Lil Jon & the East Side Boyz
Crunk Juice (Chopped & Screwed by Michael "5000" Watts)
In Fear and Loathing in Las Vegas, Hunter S. Thompson makes an astute observation on the historical context of 1971's drug-use trends. "What sells today," he notes, "is whatever fucks you up. ... Consciousness expansion went out with LBJ, and it is worth noting, historically, that downers came in with Nixon."
You might say the same thing about Houston's mid-'90s hip-hop scene, in which even the weed was more chemical than organic, but where the shit du jour was sipping lean -- chugging codeine-laced cough syrup mixed with juice or candy, often with a malt-liquor chaser. And as with all underground music scenes, the deejays and musicians had to follow where their audience's drugs led: Thus, DJ Screw and the popularity of "chopped & screwed" hip-hop remixes -- beats and vocals pitched down to a threatening horror-movie slur, the records cut up, phased and echoed to replicate the audience's running-in-molasses mental state. It's no coincidence that, just as chopped & screwed's Texas popularity swelled under Gov. Bush, its stab at the mainstream -- in the able hands of Swisha House top dog Michael "5000" Watts -- comes at the apex of the equivalent national nightmare.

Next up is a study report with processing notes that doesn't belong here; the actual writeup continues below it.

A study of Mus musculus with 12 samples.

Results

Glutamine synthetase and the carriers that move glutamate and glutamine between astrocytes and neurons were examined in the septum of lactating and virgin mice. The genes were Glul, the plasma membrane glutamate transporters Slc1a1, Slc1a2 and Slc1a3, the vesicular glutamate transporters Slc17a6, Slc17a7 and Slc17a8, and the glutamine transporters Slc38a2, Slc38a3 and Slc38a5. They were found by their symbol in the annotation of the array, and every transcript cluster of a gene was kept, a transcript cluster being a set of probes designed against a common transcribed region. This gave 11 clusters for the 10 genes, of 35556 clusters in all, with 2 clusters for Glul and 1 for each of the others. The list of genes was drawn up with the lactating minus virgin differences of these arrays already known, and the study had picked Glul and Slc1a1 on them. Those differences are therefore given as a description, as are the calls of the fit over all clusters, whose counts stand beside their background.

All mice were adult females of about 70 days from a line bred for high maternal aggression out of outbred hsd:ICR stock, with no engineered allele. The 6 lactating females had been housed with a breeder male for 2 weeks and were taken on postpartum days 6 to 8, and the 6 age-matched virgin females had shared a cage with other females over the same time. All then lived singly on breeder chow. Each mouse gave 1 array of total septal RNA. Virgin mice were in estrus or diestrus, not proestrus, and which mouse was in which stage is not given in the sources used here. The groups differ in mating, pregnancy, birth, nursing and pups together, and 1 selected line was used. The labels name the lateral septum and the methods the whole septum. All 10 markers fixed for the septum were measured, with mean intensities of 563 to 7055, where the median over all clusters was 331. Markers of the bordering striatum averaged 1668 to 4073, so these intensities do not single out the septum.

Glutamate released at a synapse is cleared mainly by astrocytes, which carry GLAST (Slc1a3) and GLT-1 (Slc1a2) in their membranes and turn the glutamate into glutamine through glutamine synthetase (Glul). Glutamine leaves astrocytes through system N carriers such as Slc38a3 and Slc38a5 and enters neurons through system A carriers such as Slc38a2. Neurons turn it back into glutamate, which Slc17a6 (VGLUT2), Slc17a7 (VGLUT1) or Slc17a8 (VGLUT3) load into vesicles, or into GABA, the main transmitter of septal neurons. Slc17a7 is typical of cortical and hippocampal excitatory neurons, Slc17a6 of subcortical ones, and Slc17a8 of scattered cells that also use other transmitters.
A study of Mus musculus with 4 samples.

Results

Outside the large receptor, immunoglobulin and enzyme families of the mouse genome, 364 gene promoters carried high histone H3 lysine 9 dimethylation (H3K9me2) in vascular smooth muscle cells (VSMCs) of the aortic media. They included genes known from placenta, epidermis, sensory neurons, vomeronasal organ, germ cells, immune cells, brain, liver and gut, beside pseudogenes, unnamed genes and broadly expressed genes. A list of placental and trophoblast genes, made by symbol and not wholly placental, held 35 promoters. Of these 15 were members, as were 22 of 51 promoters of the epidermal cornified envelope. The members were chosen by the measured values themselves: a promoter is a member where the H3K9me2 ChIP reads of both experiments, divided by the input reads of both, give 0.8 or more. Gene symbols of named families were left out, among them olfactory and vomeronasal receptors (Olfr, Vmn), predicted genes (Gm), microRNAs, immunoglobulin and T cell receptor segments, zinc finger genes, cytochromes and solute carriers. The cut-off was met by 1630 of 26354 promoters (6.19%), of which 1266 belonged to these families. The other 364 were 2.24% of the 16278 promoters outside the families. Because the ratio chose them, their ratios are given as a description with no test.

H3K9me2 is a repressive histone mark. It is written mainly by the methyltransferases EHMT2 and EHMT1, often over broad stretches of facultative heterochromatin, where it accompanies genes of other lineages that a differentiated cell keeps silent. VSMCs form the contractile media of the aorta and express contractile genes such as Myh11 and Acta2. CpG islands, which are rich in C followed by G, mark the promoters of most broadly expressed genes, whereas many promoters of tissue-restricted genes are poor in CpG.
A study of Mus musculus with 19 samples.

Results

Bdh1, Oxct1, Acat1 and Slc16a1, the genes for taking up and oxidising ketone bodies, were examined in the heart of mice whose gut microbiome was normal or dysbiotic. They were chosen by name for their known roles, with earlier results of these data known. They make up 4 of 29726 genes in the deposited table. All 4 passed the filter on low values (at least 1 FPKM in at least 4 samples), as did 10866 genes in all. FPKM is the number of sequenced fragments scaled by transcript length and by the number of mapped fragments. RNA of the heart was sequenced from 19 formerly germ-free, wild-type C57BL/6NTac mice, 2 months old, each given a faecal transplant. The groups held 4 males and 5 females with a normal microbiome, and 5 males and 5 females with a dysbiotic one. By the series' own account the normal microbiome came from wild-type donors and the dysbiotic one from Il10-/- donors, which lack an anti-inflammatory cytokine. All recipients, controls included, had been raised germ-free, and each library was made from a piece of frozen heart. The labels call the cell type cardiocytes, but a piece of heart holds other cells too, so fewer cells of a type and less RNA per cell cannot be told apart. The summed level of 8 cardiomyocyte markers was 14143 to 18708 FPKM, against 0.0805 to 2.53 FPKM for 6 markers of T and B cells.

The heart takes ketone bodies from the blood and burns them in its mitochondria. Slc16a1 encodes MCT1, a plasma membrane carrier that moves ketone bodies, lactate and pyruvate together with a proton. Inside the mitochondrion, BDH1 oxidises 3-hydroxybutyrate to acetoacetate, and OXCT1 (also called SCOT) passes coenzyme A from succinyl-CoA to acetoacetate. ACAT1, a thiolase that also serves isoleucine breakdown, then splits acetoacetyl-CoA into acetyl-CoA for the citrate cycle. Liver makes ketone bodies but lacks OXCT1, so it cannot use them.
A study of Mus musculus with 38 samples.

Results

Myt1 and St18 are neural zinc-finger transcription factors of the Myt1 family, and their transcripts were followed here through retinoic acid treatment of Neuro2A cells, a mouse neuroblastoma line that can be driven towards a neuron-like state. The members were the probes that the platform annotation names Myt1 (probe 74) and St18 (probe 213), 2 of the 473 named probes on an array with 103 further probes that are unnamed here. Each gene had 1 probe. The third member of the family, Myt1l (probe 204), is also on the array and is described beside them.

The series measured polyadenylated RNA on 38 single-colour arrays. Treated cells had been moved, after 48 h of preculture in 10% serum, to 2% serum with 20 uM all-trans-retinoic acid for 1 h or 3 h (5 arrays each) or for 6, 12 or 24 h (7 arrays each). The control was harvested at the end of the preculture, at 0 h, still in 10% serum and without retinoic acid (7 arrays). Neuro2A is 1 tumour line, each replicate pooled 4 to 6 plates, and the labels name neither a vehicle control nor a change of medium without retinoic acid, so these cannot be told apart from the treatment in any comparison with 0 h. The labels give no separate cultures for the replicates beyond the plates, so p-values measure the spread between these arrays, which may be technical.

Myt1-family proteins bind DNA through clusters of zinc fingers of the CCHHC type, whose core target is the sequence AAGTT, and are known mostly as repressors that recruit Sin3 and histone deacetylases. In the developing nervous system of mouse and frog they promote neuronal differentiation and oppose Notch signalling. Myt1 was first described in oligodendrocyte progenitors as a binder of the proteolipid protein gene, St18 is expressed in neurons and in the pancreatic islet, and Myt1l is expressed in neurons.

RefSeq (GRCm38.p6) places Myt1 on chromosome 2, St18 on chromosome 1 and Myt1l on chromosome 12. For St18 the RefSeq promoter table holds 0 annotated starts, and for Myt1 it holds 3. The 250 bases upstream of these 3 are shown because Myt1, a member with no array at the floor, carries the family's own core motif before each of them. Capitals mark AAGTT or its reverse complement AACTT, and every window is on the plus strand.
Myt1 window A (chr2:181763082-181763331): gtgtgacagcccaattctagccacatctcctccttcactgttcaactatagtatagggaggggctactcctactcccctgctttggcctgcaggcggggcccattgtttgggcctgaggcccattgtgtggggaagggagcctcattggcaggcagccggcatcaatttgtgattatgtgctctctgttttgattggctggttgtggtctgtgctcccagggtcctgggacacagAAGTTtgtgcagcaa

Here, Watts makes lean-sippin' mind-fucks out of the entirety of Ying Yang Twins' U.S.A. and Lil Jon's Crunk Juice, finding a willing and more-than-able partner in Atlanta crunk. As Simon Reynolds said of the original Crunk Juice release, "what's slightly eerie about Lil Jon's music is how, for all the party-up intent, the actual feel of the tracks is dirge-like." What Watts has done is reinforce that dirge with a more dangerous demeanor -- if U.S.A. and Crunk Juice were desperate and menacing records muted by mainstream popularity and commercial success ("How could that Lil Jon fella from Chappelle's be scary?"), Watts returns them to a scene more underworld than underground.
Of the two, U.S.A. is the more successful in its c&s version: Songs like "Badd" (featuring Swisha House poster boy Mike Jones) and "Pull My Hair" go from simple pornography to threatening, Italian zombie-flick S&M set pieces. Most of all, Watts fulfills the potential that Ying Yang's international hit "Wait (The Whisper Song)" had as the most demented production to rep America in ages. As the antidote to the sanitized-for-radio remix topping the charts, the screwed "Wait" should send children screaming and grown men panicking for the syrup and the gun.